Taking stock




This month we are six months into our journey with BlackOutUK and wanted to check in, see what you think, and hear your ideas about the development of work to build community among, and amplify the voices of, Black (African diaspora) gay/bi/SGL/queer men in the UK.

We invited men who identify as Black and gay/bi/SGL/queer to contribute to the site in whatever way they wanted, simply by asking people we knew who we thought might be interested and by making open calls on social media. Before we launched the site we spent more than six months hanging out, networking, and supporting each other. This time enabled us to create connections and then (hopefully) interesting, informative, inspiring, and entertaining content for the site. This is evident in the more than sixty diverse articles that populate the main website, the lively Facebook page, Twitter and Instagram timelines.

We held our first on-land public events in February 2017 with 300 attending a special screening of ‘Moonlight’ and over 100 attending a spoken word celebration of black queer voice in response to the film. In March we hosted a preview screening of James Baldwin documentary ‘I Am Not Your Negro’ with a post-screening panel on black queer voices in racial justice.

Since our launch, the online content has already made a considerable contribution to evidence of Black gay/bi/SGL/queer men’s lives in the UK. After the success of our initial events, we are working to create further physical spaces that enable community engagement and meaningful connections.

It has been a wonderful experience so far and the events, particularly the hang-outs with contributors, have enriched us more than words can express. These spaces have been less about the negative, limited, stereotypical narratives and images of us, and more about a celebratory and aspirational existence. It has been liberating to be centred in the conversation rather than discussed in comparison to others or as an aberration from the norm.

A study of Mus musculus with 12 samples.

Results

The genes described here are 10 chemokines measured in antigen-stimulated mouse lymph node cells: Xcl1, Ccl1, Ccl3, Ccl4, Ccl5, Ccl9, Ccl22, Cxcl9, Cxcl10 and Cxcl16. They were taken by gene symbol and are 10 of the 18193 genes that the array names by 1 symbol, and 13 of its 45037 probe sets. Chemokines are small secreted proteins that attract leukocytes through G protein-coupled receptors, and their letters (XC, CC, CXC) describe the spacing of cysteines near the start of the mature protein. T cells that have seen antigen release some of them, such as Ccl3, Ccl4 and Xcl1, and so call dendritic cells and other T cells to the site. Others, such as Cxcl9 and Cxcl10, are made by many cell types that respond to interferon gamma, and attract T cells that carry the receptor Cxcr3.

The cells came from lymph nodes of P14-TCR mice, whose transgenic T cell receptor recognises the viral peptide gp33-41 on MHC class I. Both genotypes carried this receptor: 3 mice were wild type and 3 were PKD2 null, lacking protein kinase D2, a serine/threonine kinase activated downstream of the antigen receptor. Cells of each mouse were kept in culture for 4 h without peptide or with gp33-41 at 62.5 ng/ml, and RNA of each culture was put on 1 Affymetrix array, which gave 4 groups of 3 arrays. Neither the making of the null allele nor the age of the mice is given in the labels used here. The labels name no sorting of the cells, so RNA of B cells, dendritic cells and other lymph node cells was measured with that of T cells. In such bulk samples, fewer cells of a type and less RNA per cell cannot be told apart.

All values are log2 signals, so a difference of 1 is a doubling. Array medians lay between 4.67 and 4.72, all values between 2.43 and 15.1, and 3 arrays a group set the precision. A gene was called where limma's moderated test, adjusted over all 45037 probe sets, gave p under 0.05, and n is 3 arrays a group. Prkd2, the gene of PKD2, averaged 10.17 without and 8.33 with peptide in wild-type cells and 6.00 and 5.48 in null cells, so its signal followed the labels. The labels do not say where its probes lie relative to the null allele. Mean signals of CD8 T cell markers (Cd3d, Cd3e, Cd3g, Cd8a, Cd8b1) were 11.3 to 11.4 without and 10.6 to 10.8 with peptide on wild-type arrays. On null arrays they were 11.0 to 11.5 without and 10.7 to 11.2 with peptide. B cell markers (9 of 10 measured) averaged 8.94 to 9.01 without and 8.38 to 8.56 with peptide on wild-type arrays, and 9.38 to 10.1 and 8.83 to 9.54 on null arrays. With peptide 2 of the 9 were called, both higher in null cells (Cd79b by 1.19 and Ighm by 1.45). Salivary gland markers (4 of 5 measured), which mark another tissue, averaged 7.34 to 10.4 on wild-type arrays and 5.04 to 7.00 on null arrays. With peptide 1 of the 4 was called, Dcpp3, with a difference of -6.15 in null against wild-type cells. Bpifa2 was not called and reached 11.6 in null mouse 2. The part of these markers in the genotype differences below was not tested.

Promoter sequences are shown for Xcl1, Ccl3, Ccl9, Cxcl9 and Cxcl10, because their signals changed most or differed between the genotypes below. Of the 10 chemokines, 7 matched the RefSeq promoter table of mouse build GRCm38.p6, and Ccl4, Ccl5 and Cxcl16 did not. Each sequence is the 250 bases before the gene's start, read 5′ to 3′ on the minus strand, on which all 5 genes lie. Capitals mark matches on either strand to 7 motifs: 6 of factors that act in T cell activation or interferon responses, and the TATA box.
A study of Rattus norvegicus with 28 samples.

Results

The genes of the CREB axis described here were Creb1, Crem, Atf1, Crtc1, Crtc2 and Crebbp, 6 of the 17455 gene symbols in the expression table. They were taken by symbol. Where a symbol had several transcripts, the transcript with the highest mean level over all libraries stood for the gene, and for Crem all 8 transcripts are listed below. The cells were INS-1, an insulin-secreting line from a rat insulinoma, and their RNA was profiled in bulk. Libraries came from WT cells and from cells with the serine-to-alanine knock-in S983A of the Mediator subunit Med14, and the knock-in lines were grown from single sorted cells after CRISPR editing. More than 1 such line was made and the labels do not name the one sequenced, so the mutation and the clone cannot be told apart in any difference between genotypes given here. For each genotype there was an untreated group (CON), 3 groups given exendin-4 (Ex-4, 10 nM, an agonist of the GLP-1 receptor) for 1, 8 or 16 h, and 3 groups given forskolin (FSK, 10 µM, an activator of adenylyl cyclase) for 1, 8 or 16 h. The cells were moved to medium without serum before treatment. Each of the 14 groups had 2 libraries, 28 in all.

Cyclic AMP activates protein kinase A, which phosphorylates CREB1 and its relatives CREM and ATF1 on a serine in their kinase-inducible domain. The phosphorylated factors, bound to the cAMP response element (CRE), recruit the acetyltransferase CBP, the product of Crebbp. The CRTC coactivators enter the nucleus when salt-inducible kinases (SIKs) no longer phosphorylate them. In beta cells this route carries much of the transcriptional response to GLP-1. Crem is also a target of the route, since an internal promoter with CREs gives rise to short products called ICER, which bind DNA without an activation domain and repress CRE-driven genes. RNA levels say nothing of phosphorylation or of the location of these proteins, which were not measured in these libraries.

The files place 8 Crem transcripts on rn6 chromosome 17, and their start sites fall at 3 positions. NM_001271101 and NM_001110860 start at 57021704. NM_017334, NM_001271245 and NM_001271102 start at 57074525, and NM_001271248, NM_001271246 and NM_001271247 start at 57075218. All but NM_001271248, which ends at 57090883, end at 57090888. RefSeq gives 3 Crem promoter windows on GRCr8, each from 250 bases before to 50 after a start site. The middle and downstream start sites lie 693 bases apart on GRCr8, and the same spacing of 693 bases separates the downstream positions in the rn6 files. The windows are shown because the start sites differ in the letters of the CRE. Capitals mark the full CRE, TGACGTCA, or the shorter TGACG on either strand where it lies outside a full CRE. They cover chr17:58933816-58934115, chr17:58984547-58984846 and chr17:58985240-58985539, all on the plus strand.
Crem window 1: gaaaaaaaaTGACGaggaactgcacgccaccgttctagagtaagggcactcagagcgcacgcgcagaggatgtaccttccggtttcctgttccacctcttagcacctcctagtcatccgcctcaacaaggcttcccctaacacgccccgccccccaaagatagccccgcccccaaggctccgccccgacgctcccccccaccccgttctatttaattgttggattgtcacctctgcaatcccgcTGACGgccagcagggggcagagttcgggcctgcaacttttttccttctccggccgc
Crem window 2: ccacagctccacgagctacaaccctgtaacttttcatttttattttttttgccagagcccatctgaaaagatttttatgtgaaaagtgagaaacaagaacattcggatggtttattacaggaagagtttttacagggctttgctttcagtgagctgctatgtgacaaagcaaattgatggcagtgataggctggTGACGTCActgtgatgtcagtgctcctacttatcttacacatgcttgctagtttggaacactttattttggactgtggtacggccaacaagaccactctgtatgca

We have been involved with services for Black LGBTQ+ people for many years and while recognising the progress made through the work of many, felt it was time to try something different; as well as to consider the legacy of that work and how it can be passed on. We wanted to develop community among black gay men based on what we have rather than what is missing. Instead of mapping ‘needs’, we started by recognising our assets and asking how these can be better invested for ourselves and the communities we are a part of – starting with our voices. We recognise the tensions that can be created by the competition for resources that have too often been debilitating for movements, so we start from a position of open and transparent collaboration.

We’ve been humbled by the support that we have already received. People have used their skills, networks, and time to support the work. They’ve made introductions, put their hands in their pockets, nurtured emerging talents, shared their ideas – contributed their assets when we had little to show but our enthusiasm. Thanks for your faith in us.

Last month we held an informal gathering on our shared aspirations for our communities and how we might work together better to achieve them. It was really useful so we’ll do this more often – we learn through action. We’re digesting the outcomes of those discussions which will definitely improve our output and impact.

For those who couldn’t make the gathering we’d still be interested in your involvement, so give one of us a call, drop us a line or join our Facebook group.

One thing you can do right away is to share a BlackoutUK article that you like with a friend or acquaintance.  Let’s use the networks we already have to create the change we want to see.

We’re taking some time to process what people have told us and will be back in July with events around Pride in London, and a new series of articles, films and more.

Blackout UK Editorial Team


One response

  1. cambueys avatar

    This is the reality and I’m pleased to reflect on it.